AT&T is reportedly giving up some of its call data to the CIA for counterterrorism investigations — and it’s getting paid for its efforts.

The CIA is paying AT&T more than $10 million a year for the data access, which covers both foreign and international calls, unnamed government officials tell the New York Times. But most surprising is that the deal is completely voluntary — AT&T isn’t being compelled by court orders to cooperate.

That’s a big difference from the NSA’s widespread surveillance efforts, which have the full weight of the Foreign Intelligence Surveillance Court behind them. Many tech companies have hinted that court orders forced them to cooperate with the NSA, and Apple just recently released a lengthy report detailing the requests it receives for data from the U.S. government.

As the NYT describes it, the CIA provides phone numbers of terrorism suspects overseas, and AT&T searches through its records to dig up information on potential associates. The deal also covers data that merely passes through AT&T’s equipment, even if it doesn’t belong to one of AT&T’s customers.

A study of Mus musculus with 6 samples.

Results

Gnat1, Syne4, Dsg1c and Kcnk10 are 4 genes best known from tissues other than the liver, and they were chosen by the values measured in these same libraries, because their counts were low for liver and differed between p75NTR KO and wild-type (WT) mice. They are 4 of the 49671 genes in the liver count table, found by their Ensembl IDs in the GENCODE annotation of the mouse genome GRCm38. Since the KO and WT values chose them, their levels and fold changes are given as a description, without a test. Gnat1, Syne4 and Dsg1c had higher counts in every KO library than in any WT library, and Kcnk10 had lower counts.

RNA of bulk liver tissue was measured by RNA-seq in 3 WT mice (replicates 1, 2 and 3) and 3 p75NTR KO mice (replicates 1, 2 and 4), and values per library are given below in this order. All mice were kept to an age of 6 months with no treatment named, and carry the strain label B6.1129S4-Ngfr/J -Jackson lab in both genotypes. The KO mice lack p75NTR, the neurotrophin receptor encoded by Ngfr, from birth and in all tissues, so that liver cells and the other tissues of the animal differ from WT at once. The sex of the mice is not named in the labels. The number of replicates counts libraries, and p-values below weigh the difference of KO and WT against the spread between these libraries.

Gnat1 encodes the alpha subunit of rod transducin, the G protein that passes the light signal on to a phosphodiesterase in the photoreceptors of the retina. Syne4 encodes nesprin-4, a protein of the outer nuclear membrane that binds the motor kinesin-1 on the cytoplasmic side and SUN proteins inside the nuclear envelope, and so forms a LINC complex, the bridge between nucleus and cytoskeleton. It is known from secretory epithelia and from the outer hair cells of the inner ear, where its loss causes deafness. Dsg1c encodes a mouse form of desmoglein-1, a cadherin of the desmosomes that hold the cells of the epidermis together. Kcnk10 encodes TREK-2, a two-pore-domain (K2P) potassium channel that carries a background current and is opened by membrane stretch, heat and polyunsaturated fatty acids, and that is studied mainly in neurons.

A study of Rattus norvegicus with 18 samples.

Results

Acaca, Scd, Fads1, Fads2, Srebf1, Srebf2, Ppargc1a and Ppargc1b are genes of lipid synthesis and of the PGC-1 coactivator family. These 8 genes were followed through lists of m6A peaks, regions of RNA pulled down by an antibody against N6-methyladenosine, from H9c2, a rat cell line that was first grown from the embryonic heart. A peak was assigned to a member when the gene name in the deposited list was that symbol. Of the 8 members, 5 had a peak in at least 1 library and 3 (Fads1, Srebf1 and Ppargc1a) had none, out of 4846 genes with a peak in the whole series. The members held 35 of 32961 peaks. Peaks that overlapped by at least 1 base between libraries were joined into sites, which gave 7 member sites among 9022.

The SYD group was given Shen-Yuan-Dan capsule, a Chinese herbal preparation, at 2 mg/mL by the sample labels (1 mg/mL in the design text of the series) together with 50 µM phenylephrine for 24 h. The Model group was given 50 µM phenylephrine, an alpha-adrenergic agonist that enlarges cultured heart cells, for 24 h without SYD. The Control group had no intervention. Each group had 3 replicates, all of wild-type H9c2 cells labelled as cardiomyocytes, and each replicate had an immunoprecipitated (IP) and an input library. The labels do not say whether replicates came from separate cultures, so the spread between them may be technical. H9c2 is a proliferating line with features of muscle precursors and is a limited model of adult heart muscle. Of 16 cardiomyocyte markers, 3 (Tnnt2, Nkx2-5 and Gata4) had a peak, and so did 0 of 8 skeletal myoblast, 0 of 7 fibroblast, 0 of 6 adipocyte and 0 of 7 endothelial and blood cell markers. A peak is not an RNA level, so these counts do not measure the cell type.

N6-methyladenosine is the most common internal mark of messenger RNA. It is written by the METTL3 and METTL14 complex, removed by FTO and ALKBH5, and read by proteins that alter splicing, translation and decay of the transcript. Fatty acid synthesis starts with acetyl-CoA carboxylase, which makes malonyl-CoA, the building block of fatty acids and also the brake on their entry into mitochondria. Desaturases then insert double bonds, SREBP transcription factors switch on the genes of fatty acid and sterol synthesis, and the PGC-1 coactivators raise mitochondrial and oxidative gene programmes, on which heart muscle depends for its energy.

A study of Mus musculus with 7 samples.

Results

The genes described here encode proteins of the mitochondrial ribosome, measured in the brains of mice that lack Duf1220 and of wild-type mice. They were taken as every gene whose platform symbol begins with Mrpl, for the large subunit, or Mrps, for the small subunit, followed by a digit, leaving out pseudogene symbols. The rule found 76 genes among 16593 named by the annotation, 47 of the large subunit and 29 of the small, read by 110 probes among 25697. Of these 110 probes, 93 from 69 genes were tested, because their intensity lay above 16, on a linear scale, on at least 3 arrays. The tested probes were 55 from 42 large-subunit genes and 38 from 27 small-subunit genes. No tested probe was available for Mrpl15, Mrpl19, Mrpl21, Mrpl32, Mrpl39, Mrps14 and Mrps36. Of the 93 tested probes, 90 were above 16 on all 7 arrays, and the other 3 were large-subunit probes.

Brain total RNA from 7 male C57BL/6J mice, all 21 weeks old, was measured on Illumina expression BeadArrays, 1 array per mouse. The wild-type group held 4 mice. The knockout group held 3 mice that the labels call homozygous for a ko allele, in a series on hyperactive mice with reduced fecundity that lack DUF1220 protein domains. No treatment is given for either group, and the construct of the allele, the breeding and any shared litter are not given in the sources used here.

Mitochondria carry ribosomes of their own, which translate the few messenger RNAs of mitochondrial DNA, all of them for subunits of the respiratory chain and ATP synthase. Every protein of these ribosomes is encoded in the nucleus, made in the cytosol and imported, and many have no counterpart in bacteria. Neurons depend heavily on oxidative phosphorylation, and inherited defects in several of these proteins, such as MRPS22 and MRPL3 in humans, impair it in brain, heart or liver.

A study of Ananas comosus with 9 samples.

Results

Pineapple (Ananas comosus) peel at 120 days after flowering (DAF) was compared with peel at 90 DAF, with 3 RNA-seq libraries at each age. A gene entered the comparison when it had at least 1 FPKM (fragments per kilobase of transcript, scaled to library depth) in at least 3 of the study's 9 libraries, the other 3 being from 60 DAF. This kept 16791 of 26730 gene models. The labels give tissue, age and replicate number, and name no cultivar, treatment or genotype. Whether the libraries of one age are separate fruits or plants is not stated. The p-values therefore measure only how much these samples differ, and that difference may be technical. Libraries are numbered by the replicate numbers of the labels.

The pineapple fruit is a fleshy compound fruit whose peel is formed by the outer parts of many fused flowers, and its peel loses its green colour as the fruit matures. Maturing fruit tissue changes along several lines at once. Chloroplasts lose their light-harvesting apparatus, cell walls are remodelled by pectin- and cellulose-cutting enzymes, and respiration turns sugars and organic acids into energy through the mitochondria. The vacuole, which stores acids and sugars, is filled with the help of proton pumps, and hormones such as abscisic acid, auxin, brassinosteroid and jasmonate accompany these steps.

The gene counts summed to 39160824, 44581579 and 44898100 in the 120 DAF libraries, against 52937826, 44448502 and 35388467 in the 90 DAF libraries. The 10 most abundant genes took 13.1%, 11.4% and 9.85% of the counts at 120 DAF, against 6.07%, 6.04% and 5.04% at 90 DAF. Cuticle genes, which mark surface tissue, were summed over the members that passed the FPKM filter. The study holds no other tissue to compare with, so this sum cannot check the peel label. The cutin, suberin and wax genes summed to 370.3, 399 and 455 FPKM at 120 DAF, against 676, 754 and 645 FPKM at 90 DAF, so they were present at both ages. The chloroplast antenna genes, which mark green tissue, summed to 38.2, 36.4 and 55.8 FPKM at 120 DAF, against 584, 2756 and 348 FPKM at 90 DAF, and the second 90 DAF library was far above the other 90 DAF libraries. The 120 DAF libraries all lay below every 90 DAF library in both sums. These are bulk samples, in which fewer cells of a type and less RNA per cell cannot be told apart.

While the CIA deal sounds like it covers plenty of the same territory as the NSA’s surveillance, a government official tell the NYT that it makes sense for the CIA to run a program of its own, pointing to a need for a “a certain speed, agility, and tactical responsiveness” that the agency requires for its field operations.

When asked for comment by the NYT, CIA spokesman Dean Boyd didn’t confirm the program, but reiterated that the agency is focused on foreign intelligence. AT&T spokesman Mark Siegel offered up the following statement: “We value our customers’ privacy and work hard to protect it by ensuring compliance with the law in all respects. We do not comment on questions concerning national security.”

While I can’t imagine that anyone is surprised by the CIA’s data collection efforts, it’s worth noting how different this story sounds from the onslaught of NSA surveillance stories. It positions the CIA as a slightly more responsible agency — one that doesn’t force partners to cooperate and is more focused on gathering specific data, not vast troves.

Given that the NYT points to government officials for its story, it makes me wonder if someone tied to the CIA wants to point out the many ways it’s better than the NSA.